The early postponement of the Indian Premier League has prompted various reactions from cricket fans around the world.
The happiest of those will be from England fans, with this meaning that most of their squad will be available for the two-match Test series against New Zealand. England are a side with a lot of question marks at the moment, emphasized by their 3-1 thrashing in India. Here is how they should line up for the Test series at Lord’s.
Note: Ben Stokes will not be included, as he will miss the series as a result of an injury.
Openers: Rory Burns and Dom Sibley
After a tough series in India, Burns will be delighted to be back in his favoured English conditions. A much better player of seam than spin, and left-arm seam in particular, his match-up with Neil Wagner will be enticing to watch (Trent Boult will miss the New Zealand series). Sibley also struggled in England’s six subcontinental Test matches, but had a brilliant knock of 87 in the first match against India.
He has a good record in English conditions too, with a century against West Indies coming in his most recent home knock. It will be important for these two to be able to spend considerable time at the crease in order to give their explosive middle-order something to work with.
3 and 4: Zak Crawley and Joe Root (c)
Crawley is another player who didn’t have the best tour in Sri Lanka and India, but his talent is undeniable. Even in the absolute snake pit of a Test match pitch that was Ahmedabad in the third Test, he managed to score a half-century.
Unlike his top three, captain Joe Root had a great tour of Southern Asia. He scored two double-centuries and was just 14 runs short of a third. His play as an experienced batsman will be vital for England.
5 and 6: Ollie Pope and Jos Buttler (wk)
Ollie Pope is another extremely talented young English batsman. Prior to the India series, he averaged 40 in international cricket, and he recently scored 131 in county cricket.
Buttler gets the nod over Ben Foakes with the gloves due to English conditions. Foakes is much more suited to subcontinental conditions. Buttler is in good red-ball form, averaging over 46 this year.
7 and 8: Sam Curran and Chris Woakes
The absence of Ben Stokes for this series means England’s batting will have to be slightly weakened in order to bring in a fourth pacer. Sam Curran is more than a useful batsman, however, with three Test half-centuries in his young career. He also bowls brilliantly in English conditions for an all-rounder, with 23 wickets in just 173 overs.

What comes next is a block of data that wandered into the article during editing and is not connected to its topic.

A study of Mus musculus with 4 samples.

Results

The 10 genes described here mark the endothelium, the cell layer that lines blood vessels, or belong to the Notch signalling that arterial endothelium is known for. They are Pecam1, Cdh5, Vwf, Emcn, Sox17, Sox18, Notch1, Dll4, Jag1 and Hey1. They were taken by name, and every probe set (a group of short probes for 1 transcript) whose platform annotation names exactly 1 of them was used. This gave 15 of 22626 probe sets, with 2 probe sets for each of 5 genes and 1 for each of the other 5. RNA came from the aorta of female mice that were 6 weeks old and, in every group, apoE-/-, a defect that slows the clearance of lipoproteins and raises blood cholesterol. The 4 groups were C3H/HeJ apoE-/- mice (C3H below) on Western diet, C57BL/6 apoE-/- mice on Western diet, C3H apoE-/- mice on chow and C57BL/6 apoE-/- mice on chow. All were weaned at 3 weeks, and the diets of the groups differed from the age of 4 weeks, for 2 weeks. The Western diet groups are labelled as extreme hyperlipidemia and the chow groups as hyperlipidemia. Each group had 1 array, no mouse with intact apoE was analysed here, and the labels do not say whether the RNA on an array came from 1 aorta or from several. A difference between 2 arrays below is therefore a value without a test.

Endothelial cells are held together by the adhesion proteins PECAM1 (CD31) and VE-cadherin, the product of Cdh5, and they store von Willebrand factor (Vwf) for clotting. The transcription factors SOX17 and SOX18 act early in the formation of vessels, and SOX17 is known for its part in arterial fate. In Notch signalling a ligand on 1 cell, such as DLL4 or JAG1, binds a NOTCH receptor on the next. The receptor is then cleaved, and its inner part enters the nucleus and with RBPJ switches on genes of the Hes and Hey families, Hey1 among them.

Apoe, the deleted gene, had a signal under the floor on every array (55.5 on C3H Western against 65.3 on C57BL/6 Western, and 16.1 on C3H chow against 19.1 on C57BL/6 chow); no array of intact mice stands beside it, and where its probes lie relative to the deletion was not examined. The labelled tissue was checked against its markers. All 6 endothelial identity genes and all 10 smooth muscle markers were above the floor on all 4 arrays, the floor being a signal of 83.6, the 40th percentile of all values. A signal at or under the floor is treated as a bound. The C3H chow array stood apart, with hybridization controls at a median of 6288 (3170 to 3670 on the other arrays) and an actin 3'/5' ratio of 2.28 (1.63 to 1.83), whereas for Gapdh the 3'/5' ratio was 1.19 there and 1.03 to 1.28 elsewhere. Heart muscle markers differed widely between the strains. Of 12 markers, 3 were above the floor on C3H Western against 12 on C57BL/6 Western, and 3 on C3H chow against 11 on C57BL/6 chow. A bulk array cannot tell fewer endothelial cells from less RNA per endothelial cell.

Dan Lawrence has promise, but the all-rounder must be preferred here. Chris Woakes should be one of the first names on the team sheet for any Test matches in England. He averages over 35 with the bat and has taken 87 wickets in 24 home Tests. His ability to swing the duke ball away from the right-hander will make for a great match-up with Kane Williamson.
9, 10, 11: Jack Leach, Stuart Broad, and James Anderson
There is an argument to play Moeen Ali as the lone spinner, given his ability as a batter too, but his inability to contain an end in English conditions, (3.8 economy in England) makes it nearly impossible to favour him to Leach. His economy is much closer to 3 an over, and has shown the ability to take wickets.
The last two fast bowler slots go to the due of Broad and Anderson. It is extremely tough to leave out the express pace offered by Jofra Archer, but Broad and Anderson must play. Their record in England, and with the duke ball, speaks for itself.
Honourable mentions: Jofra Archer, Dan Lawrence, Moeen Ali, Jonny Bairstow, Ben Foakes, Mark Wood
The biggest argument here is to include Archer in place of either Curran or Woakes. However, that raises major batting concerns, as Archer would have to bat at number 8.
Lawrence must be left out in favour for the all-rounder, and Ali is not good enough in English conditions to be a frontline spinner. Bairstow is badly out of form in red-ball cricket, and needs to be dropped, while Foakes is not a viable option in England.
Mark Wood is a quality pace option, but is behind Broad, Anderson, and Archer in the pecking order.